By: Addison Wylie

It’s easy for the public to slap negative accusations on the political documentary 2016: Obama’s America. It’s almost asking for it with its timely release during the current presidential race.

I’m a critic who enjoys watching a variety of different movies but I’m also someone who hasn’t been keeping up with current politics nor knows a lot about US President Barack Obama’s history and what makes him tick.

In a way though, the documentary is almost wishing that every movie goer watching 2016: Obama’s America is like me. Directors Dinesh D’Souza and John Sullivan want to teach onlookers about Barack Obama’s upbringing – tracking all the way back to the life his Father led and how it could’ve possibly affected how Barack sees the world; as if we’re learning for the first time.

I also knew nothing about author Dinesh D’Souza and his book called The Roots of Obama’s Rage that Daniel Larison of The American Conservative labeled as “a bad conspiracy theory” and “the most ridiculous piece of Obama analysis yet”  because of how it browbeats the President, his intentions and motivations. Dinesh isn’t a fan of Mr. Obama, to say the least.

You may agree with D’Souza or you may agree with Larison but with his documentary, D’Souza states some very interesting points that at least get the gears turning in your head.

He argues that because Obama had an absentee Father, many of his decisions in the White House are fuelled by wanting to impress someone who was never there.

Barack’s Father, who has passed away, led multiple lives with different women and fathered different children. According to D’Souza, in a young Barack’s eyes, Obama saw his Father as a man he could look up to. While Barack Sr. was away, Obama would be told stories by his Mother of how strong his Father was – further proving to Barack that this man could be an excellent role model. Stories that were either fabricated or exaggerated. Maybe not all of the stories, but at least the ones that seem prominent in the filmmakers’ eyes.

We’re led through the film by D’Souza, who gives us a brief history on his life including time spent working alongside a past President. He explains how he sees similarities in both Barack and himself. For example, they were both born in the same year and they both were married in the same year.

The doc works for a large portion not because of the durability of D’Souza’s arguments but because I genuinely think that the author/filmmaker is a curious and sharp guy. He’s confused by some decisions executed by Obama and just wants to know what made him sign off on these choices.

D’Souza also proposes a legit moral question about 2008’s political campaign. Did voters see this chance to vote for a black President as a way to fulfill one’s confidence and needs for a chance to say that they were a part of making history? It’s a question large quantities of people will immediately shut down but it does make you wonder if anyone voting had that hidden agenda.

Dinesh interviews people including doctors as well as friends and acquaintances of the Obama family. The interviews are gripping as Dinesh and the interviewee discuss possibilities that seem like they could be true because of recent evidence. Thoughts and questions tend to click and, because the talks are relaxed, the attitudes are easy going and feel more like discussions rather than interviews.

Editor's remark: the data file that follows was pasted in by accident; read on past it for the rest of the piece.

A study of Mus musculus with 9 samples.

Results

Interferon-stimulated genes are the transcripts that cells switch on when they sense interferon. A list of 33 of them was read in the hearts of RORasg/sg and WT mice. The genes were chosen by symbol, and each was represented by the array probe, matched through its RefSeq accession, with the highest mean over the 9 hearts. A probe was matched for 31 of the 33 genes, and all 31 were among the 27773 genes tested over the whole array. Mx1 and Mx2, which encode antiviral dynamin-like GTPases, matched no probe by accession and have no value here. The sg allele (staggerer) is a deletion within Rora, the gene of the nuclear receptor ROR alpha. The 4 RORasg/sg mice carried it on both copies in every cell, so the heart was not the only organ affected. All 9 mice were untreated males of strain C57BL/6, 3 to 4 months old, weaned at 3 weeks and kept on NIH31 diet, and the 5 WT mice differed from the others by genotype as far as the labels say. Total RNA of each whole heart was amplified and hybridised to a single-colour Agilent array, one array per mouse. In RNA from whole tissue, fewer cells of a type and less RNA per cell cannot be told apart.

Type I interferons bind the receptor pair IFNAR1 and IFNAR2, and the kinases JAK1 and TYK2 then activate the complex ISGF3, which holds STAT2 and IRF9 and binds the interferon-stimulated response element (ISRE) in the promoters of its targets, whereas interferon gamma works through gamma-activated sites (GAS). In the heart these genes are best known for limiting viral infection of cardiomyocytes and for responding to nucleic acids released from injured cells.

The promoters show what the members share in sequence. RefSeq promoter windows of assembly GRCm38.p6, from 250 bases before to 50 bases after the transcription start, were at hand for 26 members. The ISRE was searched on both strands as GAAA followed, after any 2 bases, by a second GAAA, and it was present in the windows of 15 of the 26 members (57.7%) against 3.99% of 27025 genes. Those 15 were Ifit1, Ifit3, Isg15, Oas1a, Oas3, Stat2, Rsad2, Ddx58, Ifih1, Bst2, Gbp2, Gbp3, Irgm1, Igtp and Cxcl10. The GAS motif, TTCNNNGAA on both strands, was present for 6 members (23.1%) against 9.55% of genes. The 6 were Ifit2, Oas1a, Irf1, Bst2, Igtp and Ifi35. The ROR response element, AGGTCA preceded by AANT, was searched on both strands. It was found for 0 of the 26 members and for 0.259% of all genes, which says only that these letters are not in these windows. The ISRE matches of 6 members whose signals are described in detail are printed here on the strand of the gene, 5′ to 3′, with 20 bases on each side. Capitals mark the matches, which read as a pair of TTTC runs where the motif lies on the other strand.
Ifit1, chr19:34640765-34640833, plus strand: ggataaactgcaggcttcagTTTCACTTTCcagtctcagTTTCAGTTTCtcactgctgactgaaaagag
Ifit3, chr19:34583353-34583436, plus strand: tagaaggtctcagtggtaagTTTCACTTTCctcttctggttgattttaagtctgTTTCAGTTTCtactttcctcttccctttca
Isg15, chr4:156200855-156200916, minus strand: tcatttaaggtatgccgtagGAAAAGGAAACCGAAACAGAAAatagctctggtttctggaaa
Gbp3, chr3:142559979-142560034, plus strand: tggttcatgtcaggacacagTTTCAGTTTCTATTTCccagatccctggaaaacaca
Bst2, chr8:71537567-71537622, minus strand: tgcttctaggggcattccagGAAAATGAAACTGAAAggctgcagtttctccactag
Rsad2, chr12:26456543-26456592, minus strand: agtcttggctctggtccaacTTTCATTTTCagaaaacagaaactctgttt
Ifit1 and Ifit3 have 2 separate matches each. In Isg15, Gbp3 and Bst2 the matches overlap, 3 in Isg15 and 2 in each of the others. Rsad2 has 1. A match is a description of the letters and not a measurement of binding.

Then, the film hits that rough spot.

When Dinesh tracks down Barack’s distant half-brother, George, and confronts him, the attitudes change. Dinesh becomes aggressive – too aggressive. George is the one who actually appears more easy going.

The tone gets heavier in Dinesh’s voice and the questions become more personal. However, Barack’s half-brother gives quick answers and comebacks that Dinesh isn’t ready for. A lot of scrambling and rummaging through papers ensues on D’Souza’s part.

The film doesn’t learn from this mistake. By shifting tones, 2016: Obama’s America becomes less of a thought provoking cohesive thesis project and more of a heavy handed finger-pointing session. Even the lighting and the music during the interview segments become heavier and more dramatic.

The arguments also lose their punch.When discussing Obama’s history, D’Souza mentions Bill Ayers, a past friend of Barack who has a dangerous history. This insight, as well as info on his other friends, is brought up only to link scary words and scary names to the people who are close to Barack.

Case in point: When discussing Ayers’ plans to hatch a plot on the Pentagon, D’Souza tells us that Ayers and Osama Bin Laden have something in common.

It’s fine to bring up troubling information if it adds to Barack’s mystery and affects the foundation of finding out why Obama is flawed himself, but by wording the information in such a way that uses harsh words to garner kneejerk reactions out of an audience, discredits your film. At that point, you may as well use the argument that Barack isn’t a wise Presidential pick because Obama sounds like Osama.

2016: Obama’s America falls on its face because D’Souza and Sullivan insist on pushing at us to prove a point, but that personality doesn’t suit either director and doesn’t convince us of anything. The film has some interesting points about the current plummeting economy during this weak last third but the doc consistently talks at its audience rather than to it.

The first half of the film was getting this relaying of information right, the second half couldn’t be more wrong. Ironically, change did this passion project a disservice.

But, the most disappointing part about D’Souza and Sullivan’s documentary is that it ultimately proves that everyone who was judging the film by its promotional material before seeing the movie themselves, was right.